Gore's Vice Precedent 

Gore's Vice Precedent 

Gore's Vice Precedent 

How you look at things.
March 28 2000 3:00 AM

Gore's Vice Precedent 


William Saletan William Saletan

Will Saletan writes about politics, science, technology, and other stuff for Slate. He’s the author of Bearing Right.


Gore showed how any politician can be linked to any cause through no more than six degrees of separation. "No one better embodies the heart of this grassroots movement than … Granny D, a 90-year-old grandmother from New Hampshire, who spent 14 months walking from California to Washington, D.C., to bring attention" to campaign reform, said Gore. "She was joined for part of that walk by my opponent, Bill Bradley, who along with John McCain, helped to put this issue at the forefront of this campaign." The logic is inescapable: You like campaign reform, therefore you like Granny D, therefore you like Bradley for walking with her, therefore you like Gore for tipping his hat to Bradley after destroying Bradley's candidacy.

2. Stake Dad's claim. If you can't find a commendable attribute or achievement in your own history, look for it in your family's history. Every politician comes from a poor family, for example, if he looks back far enough. Gary Bauer bragged about being the son of a janitor. Even Steve Forbes, whose grandfather was rich, bragged that his grandfather started out poor. Gore only has to go back one generation to stake a family claim to fund-raising probity. "During and after the 1956 presidential election, my father led the most sweeping investigation of campaign contributions and spending that had been conducted up to that time," Gore said Monday. "In 1970, my father lost his Senate seat, in part because of the special-interest money that was funneled into his opponent's campaign by the Nixon dirty tricks operation. … If we believe in the ideal of one person, one vote, as my father so strongly did, then let us fight for the reforms that make sure every vote counts equally."

3. Cite the game. When you've done something bad for which ordinary people see no excuse, assert the privileged moral sophistication of your profession. Military leaders, for example, insist that land mines, carpet bombs, and other devices are necessary in war in ways that civilians are too naive to understand. Gore extends this spin to politics. He's not a thug. He's a "fighter" who got his hands dirty raising the resources necessary to keep the country clean. "I understand all too well the irony of our current fund-raising system: Men and women of good intentions and high ideals want to protect the public interest but have to raise private money in order to do so," he said Monday. "There are millions of people who depend upon those who care about the public interest to fight for them, and who would be the ones hurt most if advocates for the public interest unilaterally disarmed, and left the field of battle to those who oppose both the public interest and campaign-finance reform. That was the choice I felt I faced in 1996."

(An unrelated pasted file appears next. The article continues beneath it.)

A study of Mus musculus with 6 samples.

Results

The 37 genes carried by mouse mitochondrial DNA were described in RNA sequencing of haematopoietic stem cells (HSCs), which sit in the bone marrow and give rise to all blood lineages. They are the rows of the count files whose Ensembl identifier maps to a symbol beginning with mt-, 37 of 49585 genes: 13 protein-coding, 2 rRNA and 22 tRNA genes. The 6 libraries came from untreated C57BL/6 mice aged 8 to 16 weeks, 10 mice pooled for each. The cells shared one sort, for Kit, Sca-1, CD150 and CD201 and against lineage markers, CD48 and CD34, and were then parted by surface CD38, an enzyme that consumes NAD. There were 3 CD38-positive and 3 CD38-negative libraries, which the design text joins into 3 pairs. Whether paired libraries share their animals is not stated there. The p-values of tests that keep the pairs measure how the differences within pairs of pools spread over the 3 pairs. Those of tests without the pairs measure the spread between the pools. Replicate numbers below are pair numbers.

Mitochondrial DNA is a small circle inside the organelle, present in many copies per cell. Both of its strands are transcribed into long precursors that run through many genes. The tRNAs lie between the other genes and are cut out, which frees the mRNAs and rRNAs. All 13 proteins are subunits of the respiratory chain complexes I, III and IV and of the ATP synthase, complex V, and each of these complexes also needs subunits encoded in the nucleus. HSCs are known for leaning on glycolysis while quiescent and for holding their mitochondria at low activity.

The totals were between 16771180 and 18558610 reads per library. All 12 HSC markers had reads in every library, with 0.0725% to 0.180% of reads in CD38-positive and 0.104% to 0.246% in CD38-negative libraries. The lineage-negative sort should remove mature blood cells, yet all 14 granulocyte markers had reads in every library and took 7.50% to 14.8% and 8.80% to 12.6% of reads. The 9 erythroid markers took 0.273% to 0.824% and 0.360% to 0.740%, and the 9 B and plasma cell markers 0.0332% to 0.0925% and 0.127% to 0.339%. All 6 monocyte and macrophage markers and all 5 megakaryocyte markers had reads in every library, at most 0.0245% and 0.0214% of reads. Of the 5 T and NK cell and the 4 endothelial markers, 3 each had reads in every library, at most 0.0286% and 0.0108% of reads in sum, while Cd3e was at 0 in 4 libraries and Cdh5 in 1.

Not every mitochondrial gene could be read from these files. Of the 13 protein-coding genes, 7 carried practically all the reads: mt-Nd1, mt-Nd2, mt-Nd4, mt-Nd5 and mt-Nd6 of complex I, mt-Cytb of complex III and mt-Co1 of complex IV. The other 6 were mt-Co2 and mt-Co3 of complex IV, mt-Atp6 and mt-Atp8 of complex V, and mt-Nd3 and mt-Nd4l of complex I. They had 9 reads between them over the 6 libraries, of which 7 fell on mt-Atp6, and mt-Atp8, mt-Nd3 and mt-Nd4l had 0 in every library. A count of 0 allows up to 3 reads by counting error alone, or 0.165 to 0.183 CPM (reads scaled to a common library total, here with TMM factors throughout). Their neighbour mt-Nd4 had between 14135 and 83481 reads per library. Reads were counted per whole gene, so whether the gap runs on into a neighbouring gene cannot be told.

5. Milk your shame. If people think you ought to feel awful about what you've done, exploit their reproach. Tell them you feel so awful, you'll make sure nobody ever does such a bad thing again. McCain used this trick to great effect, spinning the Keating Five scandal as the inspiration of his conversion to campaign-finance reform. Gore followed suit in his Super Tuesday victory speech: "Like John McCain, I bring a commitment born of personal experience to the battle for campaign reform. I've learned from my mistakes."

Monday, Gore expanded on this confessional theme. "I understand the doubts about whether I personally am serious on campaign reform," he said. "I may be an imperfect messenger for this cause." From this, using McCain's moral jujitsu, Gore concluded, "I know firsthand what is wrong with the way we fund political campaigns. I care very deeply about the integrity of our politics and, of course, about my own integrity as well. My commitment to changing America's campaign-finance laws is both personal and profound." Conversely, Gore charged that Bush "professes to see nothing wrong with the ills we seek to remedy." The problem with Bush, on this view, is that he lacks the sinful experience necessary to know sin when he sees it.

This whole assault strikes Bush as crazy. "I couldn't believe that he is going to make campaign-funding reform a cornerstone of his campaign," Bush sputtered two weeks ago when Gore signaled his intention to elevate the issue. "The more he talks about campaign-funding reform, the better off it will be for my campaign." That's the conventional view of embarrassing issues. Evidently, it's not Gore's. And to think Bradley called him timid.